How to keep your four-legged friends safe during frigid temperatures
WAUSAU, Wis. (WSAW) - It’s the middle of winter in northcentral Wisconsin, and that means more layers for us. But what about our four-legged friends?
Wausau’s humane officer, Ashlee Bishop said every dog is different. So, paying attention to warning signs, like shivering or lifting up their paws, is key. Bishop said to try and limit your dog’s time outside to 10-15 minutes. She said the most common places that get cold the fastest are the tips of their ears and nose.
Bishop also mentioned staying close to your door if you choose not to go outside with your pet. So, then you can look out for those warning signs, and let them in if they are lifting up their paws. ”That’s still normal skin on their paws, and it’s a little tougher, but you know they still feel a lot there.”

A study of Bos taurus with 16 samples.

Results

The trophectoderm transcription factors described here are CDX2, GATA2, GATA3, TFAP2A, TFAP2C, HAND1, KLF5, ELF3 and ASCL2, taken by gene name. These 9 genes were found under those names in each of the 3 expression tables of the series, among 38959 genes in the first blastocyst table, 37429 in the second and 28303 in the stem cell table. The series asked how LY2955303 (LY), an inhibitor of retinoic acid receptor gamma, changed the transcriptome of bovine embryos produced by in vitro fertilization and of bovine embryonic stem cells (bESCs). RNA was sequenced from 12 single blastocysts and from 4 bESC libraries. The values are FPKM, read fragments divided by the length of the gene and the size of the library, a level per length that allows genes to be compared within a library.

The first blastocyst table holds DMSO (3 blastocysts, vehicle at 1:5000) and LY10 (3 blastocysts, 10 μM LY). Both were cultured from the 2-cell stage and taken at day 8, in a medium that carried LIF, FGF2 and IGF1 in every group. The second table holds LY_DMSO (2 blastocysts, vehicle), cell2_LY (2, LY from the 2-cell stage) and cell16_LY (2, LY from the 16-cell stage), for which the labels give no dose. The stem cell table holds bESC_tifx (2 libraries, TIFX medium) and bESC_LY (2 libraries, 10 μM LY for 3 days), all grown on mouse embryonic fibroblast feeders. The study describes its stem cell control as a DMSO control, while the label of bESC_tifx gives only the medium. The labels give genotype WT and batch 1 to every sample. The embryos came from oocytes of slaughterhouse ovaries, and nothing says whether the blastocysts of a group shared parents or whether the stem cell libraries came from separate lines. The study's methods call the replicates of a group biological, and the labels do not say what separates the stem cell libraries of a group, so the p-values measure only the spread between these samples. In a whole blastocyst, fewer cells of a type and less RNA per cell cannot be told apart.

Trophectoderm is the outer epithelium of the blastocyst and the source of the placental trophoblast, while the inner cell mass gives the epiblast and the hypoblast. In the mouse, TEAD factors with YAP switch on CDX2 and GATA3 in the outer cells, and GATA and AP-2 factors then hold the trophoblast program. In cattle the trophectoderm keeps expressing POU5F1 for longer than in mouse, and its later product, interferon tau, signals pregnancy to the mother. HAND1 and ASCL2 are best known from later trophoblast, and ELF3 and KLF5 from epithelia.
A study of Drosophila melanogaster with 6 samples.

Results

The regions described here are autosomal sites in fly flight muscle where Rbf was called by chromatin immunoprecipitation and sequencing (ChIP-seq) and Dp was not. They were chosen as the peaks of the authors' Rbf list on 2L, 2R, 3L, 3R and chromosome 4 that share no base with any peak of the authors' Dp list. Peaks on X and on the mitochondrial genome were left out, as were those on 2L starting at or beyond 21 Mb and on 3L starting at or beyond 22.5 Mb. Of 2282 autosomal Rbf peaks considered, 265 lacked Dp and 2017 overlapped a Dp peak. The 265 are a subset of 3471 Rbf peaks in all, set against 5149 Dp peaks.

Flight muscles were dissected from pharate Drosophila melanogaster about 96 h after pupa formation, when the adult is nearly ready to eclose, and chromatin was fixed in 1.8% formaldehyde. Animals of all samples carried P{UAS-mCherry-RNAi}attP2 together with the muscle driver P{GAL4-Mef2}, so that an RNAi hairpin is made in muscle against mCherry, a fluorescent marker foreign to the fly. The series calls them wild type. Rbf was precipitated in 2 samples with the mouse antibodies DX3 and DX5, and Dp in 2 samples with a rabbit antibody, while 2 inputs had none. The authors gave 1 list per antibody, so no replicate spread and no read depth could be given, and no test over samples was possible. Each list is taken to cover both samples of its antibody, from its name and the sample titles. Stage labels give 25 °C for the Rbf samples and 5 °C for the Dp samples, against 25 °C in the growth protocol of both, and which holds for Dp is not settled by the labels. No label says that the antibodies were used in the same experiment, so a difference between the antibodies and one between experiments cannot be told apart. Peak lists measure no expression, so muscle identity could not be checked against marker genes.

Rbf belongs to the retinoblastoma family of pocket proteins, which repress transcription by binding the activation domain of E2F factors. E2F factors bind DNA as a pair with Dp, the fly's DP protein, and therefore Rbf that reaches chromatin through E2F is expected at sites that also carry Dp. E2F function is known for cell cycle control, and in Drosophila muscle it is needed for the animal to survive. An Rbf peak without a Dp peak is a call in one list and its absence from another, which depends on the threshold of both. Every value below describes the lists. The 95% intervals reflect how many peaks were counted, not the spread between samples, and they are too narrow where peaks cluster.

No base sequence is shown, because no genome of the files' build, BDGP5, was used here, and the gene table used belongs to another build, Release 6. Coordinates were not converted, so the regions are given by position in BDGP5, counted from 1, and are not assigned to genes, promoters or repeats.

Salt is another thing to look out for because Bishop mentioned not every business uses safe salt for pets. Bishop recommended getting little booties for them. And when you do go back inside, she said to wipe off their paw pads because the salt can irritate their paws and cause chemical burns.
As mentioned, every dog is different. Some dogs can brave the cold, while others cannot. Some dogs, like huskies, may not want to come inside. Bishop recommends if your dog doesn’t have a thick coat, buy a little jacket for them when heading outside. As for other dogs, she said you want to see the snow accumulating on their fur.
“Because that means that they’ve got a nice barrier between the fur and their body heat. If the snow is melting, that means their body heat is escaping and now you have another issue, and the dog needs to come in very quickly and get dried off.”
She said if you aren’t sure how your dog is feeling, a good indicator is their gum color. You want to make sure they are bright and pink, and not pale. Overall, she said if your dog isn’t acting like normal, to give your vet a call.